Lectures are in the ArtsHouse: 10.45 for morning members: 13.30 for afternoon members.

Thursday 20 September 2018

COMPLETED – Late 2019 programme available mid 2019

As Good as Gold
Speaker: Alexandra Epps

In celebration of the Golden Anniversary, Alexandra Epps delivered to Stradfas members a stunning lecture exploring the story of gold and its significance and symbolism within the history of art. The sun and gold are forever linked together, with the colour itself seen as the physical sweat of the sun.  In Christianity, there have been golden icons and halos such as seen during the early Renaissance in Giotto’s “Adoration of the Kings” where sacred people are depicted with halos.

A three dimensional image is created with the introduction of blue from lapis lazuli. In The Wilton Diptych, illustrating the adoration of kings, where Richard ll is presented to the Madonna and Child, the gold paint is layered and sculpted so it appears as if the viewer is looking at jewels. In the Annunciation of Fra Angelica, golden rays are portrayed in which can be seen the dove as an expression of the Holy Spirit.

Botticelli’s Birth of Venus has many gold details such as in the angel wings, the roses and the cloak.   At the time it was believed that if you can worship physical beauty you are on your way to realising spiritual beauty.  Gold coins have been depicted in paintings by varied artists such as Titian and Dutch artists as in The Moneylender and his Wife.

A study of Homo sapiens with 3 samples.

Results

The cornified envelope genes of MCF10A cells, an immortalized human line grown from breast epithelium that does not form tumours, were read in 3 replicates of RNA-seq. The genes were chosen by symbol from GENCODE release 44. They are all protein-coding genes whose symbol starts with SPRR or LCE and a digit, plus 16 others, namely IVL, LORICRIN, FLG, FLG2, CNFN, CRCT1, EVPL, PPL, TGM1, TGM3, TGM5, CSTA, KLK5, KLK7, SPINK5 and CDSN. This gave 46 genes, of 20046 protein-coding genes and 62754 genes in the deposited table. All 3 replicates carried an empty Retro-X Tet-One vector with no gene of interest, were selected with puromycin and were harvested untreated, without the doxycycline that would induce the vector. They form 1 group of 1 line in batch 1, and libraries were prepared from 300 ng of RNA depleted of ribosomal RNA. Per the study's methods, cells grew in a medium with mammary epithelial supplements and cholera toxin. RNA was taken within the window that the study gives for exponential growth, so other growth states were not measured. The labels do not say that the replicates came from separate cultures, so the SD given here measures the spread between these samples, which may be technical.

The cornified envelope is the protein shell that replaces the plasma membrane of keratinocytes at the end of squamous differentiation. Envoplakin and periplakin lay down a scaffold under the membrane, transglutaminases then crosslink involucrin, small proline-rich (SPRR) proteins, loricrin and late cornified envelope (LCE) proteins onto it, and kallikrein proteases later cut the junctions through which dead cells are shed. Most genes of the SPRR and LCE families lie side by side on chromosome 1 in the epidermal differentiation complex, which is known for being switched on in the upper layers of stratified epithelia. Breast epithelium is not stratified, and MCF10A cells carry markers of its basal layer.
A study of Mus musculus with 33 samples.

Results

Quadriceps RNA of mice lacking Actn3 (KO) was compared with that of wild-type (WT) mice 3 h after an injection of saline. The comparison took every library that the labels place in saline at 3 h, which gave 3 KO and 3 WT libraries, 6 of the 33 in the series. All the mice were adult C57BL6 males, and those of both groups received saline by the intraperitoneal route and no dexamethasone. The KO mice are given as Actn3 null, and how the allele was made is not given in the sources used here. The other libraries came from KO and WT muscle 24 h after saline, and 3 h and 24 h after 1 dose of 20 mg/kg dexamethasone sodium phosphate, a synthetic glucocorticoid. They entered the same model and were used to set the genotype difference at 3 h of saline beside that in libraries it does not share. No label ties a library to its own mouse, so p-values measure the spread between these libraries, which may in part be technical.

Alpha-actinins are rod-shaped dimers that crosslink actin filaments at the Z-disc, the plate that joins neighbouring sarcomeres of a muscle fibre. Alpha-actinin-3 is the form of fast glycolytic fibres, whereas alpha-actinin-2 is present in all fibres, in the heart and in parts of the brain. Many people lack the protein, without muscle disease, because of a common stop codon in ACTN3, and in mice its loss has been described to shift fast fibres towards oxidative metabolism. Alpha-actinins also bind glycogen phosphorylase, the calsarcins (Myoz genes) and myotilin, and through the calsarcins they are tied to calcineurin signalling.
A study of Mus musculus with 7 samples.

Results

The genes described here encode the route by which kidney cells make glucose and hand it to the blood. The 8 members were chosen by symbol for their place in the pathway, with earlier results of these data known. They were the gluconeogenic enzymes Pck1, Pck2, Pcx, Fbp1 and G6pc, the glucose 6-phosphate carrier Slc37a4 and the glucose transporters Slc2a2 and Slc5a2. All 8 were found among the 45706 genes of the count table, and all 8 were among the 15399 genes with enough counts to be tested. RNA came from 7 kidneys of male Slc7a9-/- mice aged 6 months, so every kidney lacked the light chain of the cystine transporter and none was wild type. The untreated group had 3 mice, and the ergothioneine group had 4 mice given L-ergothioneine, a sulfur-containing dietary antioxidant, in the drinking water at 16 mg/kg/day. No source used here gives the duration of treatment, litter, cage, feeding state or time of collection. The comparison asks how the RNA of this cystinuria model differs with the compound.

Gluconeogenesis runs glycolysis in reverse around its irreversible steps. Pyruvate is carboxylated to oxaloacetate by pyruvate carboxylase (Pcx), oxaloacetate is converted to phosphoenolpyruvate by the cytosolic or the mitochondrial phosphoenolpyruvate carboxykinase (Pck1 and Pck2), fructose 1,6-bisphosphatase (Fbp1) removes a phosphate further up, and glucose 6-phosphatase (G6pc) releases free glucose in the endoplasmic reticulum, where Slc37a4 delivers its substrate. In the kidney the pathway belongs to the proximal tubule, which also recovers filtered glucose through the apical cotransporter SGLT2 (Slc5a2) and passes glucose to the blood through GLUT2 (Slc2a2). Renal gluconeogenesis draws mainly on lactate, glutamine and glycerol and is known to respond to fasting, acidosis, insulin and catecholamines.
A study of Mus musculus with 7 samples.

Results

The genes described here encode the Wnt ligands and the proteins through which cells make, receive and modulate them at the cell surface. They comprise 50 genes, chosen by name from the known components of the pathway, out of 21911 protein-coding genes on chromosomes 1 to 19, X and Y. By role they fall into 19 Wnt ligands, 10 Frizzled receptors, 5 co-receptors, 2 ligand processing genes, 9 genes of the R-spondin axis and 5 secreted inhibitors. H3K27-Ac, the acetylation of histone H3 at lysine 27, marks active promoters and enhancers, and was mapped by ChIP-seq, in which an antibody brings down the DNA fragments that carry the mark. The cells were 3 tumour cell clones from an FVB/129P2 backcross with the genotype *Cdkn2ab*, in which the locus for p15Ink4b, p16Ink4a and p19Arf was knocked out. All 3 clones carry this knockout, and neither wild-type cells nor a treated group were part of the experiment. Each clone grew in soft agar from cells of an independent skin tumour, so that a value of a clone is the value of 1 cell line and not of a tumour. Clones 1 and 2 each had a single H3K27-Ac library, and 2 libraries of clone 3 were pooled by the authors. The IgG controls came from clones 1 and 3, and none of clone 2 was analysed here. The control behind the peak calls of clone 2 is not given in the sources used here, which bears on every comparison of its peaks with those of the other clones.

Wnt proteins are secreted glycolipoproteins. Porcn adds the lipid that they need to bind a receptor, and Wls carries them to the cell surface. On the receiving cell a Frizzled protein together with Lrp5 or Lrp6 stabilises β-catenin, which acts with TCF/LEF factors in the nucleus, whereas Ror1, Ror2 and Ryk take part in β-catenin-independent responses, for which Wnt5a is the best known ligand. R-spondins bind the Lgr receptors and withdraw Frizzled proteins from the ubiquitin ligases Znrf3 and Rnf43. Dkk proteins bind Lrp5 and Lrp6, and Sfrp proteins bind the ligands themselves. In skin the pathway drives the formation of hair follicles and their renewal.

The Kiss by Klimt from 1906 uses gold leaf depicting rain feeding the flowers whilst the couple seem surrounded by a gold cosmos. Vienna was going through changes and there was unease at the time. Klimt’s portrait of Adele Block- Bauer has so much gold in it that the lady seems secondary so it is all about the glitter rather than the person. In the 1960’s many artists separated gold from the idea of religion; Yves Klein felt gold symbolised infinity.  A modern use of gold was seen where golden sweets were used for an artistic display so the viewer takes a sweet and becomes part of the painting. The sweets are replaced thus giving the idea of regeneration. She ended with a modern interpretation of the sun in The Weather Project by Olafur Eliasson who, in 2003, created a large sun to enhance the viewer’s experience.